Revere teacher shares lessons from Haiti

5/31/2012 - West Side Leader

Revere Middle School foreign language teacher Veronica Moss assisted in a classroom at Sonlight Academy in Port-de-Paix, Haiti, during a mission trip there. Her skills in French were put to good use on the trip, she said.
Teacher Veronica Moss is shown helping two Haitian children during her trip.
Photos courtesy of Veronica Moss
RICHFIELD — A life-changing trip to Haiti is helping Revere Middle School (RMS) teacher Veronica Moss teach lessons she learned there to her students.

Moss got to explore the area during her visit to Haiti.
Moss, a Firestone Park resident who has been the foreign language teacher at RMS for six years, had the opportunity to travel to Port-de-Paix on the northern coast of Haiti on a mission trip with members of her church, Rivertree Christian Church in Massillon, Feb. 10-20.

For Moss, who teaches French and Spanish, the trip was the chance to use her French language skills to help people living in the county that is still feeling the devastating effects of the January 2010 earthquake there.

She said 33 countries have French as an official language, and one of the things she has tried to do with her students is show them that the French language is not just something used in Paris.

“National French Week is in November, so I’ve tried to teach them about different places that speak French,” she said. “I did research on different countries, and Haiti was one of them.”

When the chance to go on the trip came up, Moss said she jumped at the chance. Her husband, with whom she has five children ranging in age from 2 to 13, gave her his blessing, she said. On the trip, she was one of 19 people and the only one who spoke French, she said.

Her immediate impression of the country was a positive one, she said.

“We walked off of the plane outside, and there was a band playing Haitian music and singing,” she said.

But once the group entered the airport, the reality of everyday life in the country was evident. There was no power in the building and a sense of disorder as the group waited to be processed.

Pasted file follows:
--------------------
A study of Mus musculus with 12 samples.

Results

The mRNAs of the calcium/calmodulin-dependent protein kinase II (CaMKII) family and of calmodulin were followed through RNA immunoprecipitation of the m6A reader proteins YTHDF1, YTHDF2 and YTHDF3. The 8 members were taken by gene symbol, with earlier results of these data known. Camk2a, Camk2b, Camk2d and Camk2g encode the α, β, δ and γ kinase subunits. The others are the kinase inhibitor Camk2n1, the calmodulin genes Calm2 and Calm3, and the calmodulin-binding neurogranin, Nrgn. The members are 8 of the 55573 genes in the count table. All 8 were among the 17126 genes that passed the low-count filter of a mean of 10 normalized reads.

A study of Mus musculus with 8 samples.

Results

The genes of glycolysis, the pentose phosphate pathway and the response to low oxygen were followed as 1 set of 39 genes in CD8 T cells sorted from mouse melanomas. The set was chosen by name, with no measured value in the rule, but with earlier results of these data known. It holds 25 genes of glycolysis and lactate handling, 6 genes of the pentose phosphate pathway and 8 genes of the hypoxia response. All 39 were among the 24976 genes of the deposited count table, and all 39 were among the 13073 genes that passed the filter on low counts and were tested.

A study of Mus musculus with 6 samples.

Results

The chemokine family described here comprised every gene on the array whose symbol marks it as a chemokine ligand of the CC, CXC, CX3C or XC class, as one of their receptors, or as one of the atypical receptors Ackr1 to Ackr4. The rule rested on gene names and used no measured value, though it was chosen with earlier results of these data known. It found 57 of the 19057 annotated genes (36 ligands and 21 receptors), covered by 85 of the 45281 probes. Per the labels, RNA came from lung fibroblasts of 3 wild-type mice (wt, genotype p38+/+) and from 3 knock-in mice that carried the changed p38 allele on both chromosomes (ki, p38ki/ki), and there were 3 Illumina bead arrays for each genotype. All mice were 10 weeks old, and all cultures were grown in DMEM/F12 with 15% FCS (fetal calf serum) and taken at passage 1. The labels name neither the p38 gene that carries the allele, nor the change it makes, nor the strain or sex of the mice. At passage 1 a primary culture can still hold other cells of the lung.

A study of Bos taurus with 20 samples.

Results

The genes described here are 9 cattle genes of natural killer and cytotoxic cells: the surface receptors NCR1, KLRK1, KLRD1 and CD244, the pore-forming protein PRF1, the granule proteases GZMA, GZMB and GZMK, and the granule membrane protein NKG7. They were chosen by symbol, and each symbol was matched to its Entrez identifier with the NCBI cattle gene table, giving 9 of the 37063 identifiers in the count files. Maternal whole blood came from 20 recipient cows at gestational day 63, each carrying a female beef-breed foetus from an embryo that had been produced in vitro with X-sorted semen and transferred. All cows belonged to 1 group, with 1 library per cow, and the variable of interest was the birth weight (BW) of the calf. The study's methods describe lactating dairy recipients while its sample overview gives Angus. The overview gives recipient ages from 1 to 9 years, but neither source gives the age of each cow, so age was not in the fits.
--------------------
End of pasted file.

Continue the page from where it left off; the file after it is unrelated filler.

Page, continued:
“There was a lot of waiting, which is something I have problems with, so I talked to people in the airport, and observed signs and the way people talked to each other. They were animated and friendly,” she said. “When we got outside, it was mass chaos. People were trying to take our luggage to help us. Our leader said to ignore them, but I wanted to talk to people. What we could see was a bunch of rubble, concrete and trash all around.”

The group was there to work specifically with a school, Sonlight Academy. Moss had the chance to work with the French teacher and help teach spelling and grade papers, she said. She also helped at a Valentine’s Day party, for which she brought Valentines made by her students and treats such as crayons and Silly Bandz.

The students learn English at the school, but their native language is French, she said, so she enjoyed being able to speak to them.

Other people in the group worked on construction projects at the school, she said.

The school is supported by donors who make it possible for the students to attend, Moss said. It costs the equivalent of about $24 U.S. dollars a month for supplies and uniforms per child, she said.

“So many kids do not get to go to school because right now their public education [system] is nonexistent,” Moss said, citing a statistic that just one in five school-age children attends school.

After the school day, the group got to explore the area on hikes and also visited an orphanage.

Overall, Moss said the trip helped inspire her to teach her Revere students about the value of learning a foreign language.

“I want to tell them you are not just learning the language; you are learning this as a tool to be a better citizen and understand people in their culture,” she said. “I got so much more out of relationships because I could speak the language. It was wonderful being able to do that. I got to hear a Haitian history lesson in French, from their perspective. There’s nothing like that.”

At the end of the trip, Moss became ill, most likely from the water, she said. She ended up losing about 12 pounds and spent several weeks recuperating. Despite that challenge, Moss said the experience of the trip was worthwhile.

“As soon as I got back home, I wanted to go back,” she said. “I felt so fulfilled by the students just being so eager to learn. That’s what they want, to learn things. So now I’m writing letters to the students.

“I would go back in a second,” she added. “I think that’s what I’m meant to do.”